It might be a small contribution, but Jerry Owens was abuzz with excitement as the sun came up Saturday.
Owens delivered about two million honeybees from Nebraska to dozens of beekeepers hoping to do their part to help the troubled bee population.
Members of the Wannabee Hobby Beekeepers club picked up their new broods and many donned new beekeeper suits and stayed for a demonstration by Owens in the park next to Canyon Lake Senior Center on how to successfully move the bees from their delivery box into a new hive.
The conversation quickly turned to their reasons for keeping bees. Many cited the drastic die-off of bees in recent years.
"We just decided we kind of owed it to the environment," said Sue Hauff of Whitewood, who was embarking on her first attempt at beekeeping with her daughter Sierra, 12. "We have 80 acres with 1,200 grapevines and we just planted apple trees and plum trees, but all of that is secondary because we want to help the bee population."
Every year the honey bee population gets a little smaller in the U.S. and most other countries. Since 2006, when drastic losses of 50 percent or more were reported, the U.S. Department of Agriculture has been tracking the mysterious phenomenon of disappearing colonies, referred to as Colony Collapse Disorder or CCD.
Since the beginning of the study, the average loss of bees has hovered around 30 percent. And according to a report released by the USDA earlier this month, 31 percent of bee colonies died over the winter, totaling about 800,000 bees nationwide.
Not only could South Dakota's title of the No. 2 honey producer in the U.S. be in jeopardy if the decline keeps up, but all of agriculture could suffer.
According to the South Dakota Department of Agriculture data, the state is home to 163 commercial beekeepers, who maintain about 250,000 hives at approximately 6,800 locations across the state.
The bees don't just make honey and other products. They pollinate crops. Pollinators are responsible for billions of dollars in contributions to the U.S. economy. A 2005 USDA report found that pollinators contribute about $40 billion to the economy.
Experts have still not determined what is causing CCD. Many think it's a combination of pesticides, diseases and human population growth.
Entomologist Paul J. Johnson, a bee expert with the Insect Biodiversity Lab at South Dakota State University, said he believes a lack of bee-friendly crops can also be hurting the local population.
"With the current high rates of conversion of the last of the privately held wildlands, pastures, hay fields, alfalfa fields, and other lands that have provided the primary honeybee foraging areas, for the growing of corn and soybeans, the apiarists (beekeepers) will feel the pinch very soon," Johnson said. "Put simply, no flowers, no bees, period. Corn, soybeans, and wheat do not provide bee support. Also, highway departments, county weed control districts and other heavy herbicide users also contribute to the decline in bees due to the killing of bee-attractive flowering plants."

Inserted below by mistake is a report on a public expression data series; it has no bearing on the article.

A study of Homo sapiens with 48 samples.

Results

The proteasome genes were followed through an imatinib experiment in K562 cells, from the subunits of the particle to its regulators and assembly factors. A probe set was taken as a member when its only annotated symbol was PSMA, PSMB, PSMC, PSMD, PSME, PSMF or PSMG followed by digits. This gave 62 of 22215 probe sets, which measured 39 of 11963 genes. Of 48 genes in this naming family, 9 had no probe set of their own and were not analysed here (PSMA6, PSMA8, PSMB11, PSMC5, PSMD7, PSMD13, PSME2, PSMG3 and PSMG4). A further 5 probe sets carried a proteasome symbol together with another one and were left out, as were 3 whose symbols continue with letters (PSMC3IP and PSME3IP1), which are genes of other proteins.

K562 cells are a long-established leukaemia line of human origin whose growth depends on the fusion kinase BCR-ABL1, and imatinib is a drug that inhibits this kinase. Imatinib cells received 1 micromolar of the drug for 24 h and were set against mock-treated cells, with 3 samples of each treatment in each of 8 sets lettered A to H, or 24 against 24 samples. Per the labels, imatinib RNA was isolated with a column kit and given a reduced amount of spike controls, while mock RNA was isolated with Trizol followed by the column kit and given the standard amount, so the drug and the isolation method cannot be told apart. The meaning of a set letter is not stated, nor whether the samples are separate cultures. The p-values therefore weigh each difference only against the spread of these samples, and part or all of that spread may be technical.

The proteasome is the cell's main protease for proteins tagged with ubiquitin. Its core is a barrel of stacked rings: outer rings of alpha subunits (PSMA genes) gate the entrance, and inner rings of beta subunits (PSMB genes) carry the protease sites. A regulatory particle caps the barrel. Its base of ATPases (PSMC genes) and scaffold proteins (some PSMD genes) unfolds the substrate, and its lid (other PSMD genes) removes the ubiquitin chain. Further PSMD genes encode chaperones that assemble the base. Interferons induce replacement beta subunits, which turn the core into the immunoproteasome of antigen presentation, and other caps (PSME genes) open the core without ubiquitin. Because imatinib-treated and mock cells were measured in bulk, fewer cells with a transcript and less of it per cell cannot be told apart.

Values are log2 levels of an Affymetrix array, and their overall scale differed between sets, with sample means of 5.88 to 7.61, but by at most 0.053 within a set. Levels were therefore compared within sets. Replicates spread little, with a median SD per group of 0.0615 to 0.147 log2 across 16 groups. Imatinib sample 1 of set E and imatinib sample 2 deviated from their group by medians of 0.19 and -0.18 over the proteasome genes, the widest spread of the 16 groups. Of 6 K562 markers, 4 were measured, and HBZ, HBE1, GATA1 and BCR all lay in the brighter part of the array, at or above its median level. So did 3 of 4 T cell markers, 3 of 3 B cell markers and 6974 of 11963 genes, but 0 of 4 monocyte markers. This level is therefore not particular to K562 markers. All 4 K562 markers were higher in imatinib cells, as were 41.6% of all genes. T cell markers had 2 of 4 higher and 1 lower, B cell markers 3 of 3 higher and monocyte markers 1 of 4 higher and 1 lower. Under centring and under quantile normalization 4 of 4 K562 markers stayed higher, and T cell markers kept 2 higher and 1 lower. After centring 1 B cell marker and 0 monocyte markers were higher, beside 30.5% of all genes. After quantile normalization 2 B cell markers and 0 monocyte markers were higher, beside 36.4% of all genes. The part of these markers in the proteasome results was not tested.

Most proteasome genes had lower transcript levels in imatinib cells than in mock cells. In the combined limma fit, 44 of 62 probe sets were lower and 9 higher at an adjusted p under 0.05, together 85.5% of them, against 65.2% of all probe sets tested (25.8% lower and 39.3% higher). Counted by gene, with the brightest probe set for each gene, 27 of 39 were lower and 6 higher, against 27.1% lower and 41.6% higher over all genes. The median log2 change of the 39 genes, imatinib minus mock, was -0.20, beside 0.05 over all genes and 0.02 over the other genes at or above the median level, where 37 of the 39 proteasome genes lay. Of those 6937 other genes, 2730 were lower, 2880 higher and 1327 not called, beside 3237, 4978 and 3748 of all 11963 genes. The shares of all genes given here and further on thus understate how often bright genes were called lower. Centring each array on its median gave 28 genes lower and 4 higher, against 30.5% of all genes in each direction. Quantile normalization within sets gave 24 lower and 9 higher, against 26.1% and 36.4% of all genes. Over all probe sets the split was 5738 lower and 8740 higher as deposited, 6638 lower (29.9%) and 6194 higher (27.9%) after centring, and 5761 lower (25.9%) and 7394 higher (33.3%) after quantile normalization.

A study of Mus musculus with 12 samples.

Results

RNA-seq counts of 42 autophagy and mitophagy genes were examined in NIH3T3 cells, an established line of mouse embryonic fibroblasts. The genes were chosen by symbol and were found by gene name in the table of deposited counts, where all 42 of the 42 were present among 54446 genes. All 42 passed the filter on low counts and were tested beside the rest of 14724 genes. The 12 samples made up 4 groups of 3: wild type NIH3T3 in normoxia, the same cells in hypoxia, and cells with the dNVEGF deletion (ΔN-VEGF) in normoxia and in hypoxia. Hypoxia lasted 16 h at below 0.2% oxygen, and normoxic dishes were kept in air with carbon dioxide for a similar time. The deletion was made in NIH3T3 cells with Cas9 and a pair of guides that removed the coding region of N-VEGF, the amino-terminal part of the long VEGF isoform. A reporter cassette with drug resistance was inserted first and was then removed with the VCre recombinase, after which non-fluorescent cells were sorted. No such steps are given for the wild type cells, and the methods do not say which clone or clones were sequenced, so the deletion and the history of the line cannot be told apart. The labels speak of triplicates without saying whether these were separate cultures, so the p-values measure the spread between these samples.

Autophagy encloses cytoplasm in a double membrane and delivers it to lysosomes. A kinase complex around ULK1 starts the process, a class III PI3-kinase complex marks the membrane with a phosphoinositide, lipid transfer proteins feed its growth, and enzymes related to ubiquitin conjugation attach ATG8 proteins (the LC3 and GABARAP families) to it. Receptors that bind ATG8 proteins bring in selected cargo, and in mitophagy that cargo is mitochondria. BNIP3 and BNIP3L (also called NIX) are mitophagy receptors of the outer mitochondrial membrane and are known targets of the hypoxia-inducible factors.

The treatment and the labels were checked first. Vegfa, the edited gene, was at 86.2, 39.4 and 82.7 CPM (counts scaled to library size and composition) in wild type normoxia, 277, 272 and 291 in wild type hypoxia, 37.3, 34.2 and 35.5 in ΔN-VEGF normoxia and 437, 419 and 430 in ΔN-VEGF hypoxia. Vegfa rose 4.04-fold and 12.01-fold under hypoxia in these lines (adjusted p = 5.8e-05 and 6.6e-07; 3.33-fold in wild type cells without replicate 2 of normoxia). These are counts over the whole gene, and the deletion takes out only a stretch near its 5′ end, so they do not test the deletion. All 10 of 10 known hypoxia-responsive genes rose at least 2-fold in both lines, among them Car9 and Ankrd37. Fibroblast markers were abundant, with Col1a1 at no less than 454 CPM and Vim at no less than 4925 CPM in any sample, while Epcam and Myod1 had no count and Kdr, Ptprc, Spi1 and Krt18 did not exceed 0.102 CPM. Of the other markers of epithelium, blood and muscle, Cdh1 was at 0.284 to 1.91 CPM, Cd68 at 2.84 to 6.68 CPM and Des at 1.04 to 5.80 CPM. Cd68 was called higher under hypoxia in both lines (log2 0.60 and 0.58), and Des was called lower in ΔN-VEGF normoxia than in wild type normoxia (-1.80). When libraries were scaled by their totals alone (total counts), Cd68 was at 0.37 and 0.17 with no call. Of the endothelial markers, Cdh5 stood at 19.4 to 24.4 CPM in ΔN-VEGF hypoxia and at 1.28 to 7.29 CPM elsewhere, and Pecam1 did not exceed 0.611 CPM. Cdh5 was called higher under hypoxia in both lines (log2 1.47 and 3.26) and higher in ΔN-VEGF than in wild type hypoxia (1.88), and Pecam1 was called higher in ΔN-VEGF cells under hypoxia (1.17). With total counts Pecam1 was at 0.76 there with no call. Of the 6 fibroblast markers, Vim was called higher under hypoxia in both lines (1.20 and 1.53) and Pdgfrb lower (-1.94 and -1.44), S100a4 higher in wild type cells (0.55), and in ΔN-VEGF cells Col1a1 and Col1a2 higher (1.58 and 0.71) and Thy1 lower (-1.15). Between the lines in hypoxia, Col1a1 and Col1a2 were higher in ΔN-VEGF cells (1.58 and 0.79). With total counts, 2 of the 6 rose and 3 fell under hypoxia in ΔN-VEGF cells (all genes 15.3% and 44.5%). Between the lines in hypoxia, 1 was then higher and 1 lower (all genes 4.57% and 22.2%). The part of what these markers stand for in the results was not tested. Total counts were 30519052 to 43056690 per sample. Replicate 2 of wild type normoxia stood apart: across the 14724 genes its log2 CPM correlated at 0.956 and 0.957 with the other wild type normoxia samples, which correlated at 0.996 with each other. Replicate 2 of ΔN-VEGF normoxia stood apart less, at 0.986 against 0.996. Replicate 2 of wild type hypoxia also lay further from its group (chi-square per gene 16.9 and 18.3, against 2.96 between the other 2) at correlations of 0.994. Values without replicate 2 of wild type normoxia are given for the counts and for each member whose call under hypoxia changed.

Some of the larger bee industry operations ship the bees off to farms in California, Texas, Florida and other southern states in the winter to help with pollination of their crops.
"When these companies move these populations, it stresses the bees and it also spreads diseases and mites faster," Johnson said.
He said the bees are moved around the country not only because South Dakota has to pick up the slack for declining populations, but the farmers increase their yield while making money for the bee renters here through rental and increased honey production.
"Its strictly a profit situation. South Dakota ranks high in honey production simply because we have companies that have thousands of hives they move around the country," Johnson said. "Since the company is based in South Dakota even though the nectar might be from flowers from Utah or California, we still credit the honey with coming from South Dakota."
As for trying to help the bees, not a lot is being done institutionally, according to the entomologist.
"Nobody cares about bees if money is to be made from the land planted to corn," Johnson said. "This is a glaring example of the functional hypocrisy where subsidized agriculture puts money in the pockets of growers at the detriment of the environment, including honeybees and native bees."
The primary private interest in bee protection is the Xerces Society, based in Portland, Ore., which leads mostly an education campaign about the losses of native bees, Johnson said.
"I am unaware of any public or private effort to actually and substantially mitigate losses by correcting land use policies, herbicide or pesticide uses, or the promotion of natural and native plant communities explicitly for the purpose of protecting or enhancing bee populations," he said.
But locally some optimistic hobbyists are hoping to help do their part in saving the honey bee. The Wannabee Hobby Beekeepers has steadily grown since the club's creation in 2009 and now boasts a 300-person email list with dozens of active members attending monthly meetings.
Owens said the thing that makes him happiest is to see children taking an interest in beekeeping.
"I am just so tickled that more young people are starting to get involved in bees," Owens said. "If young people don't continue to do it, it will die out. We need them to do the right thing for the bees and for the environment."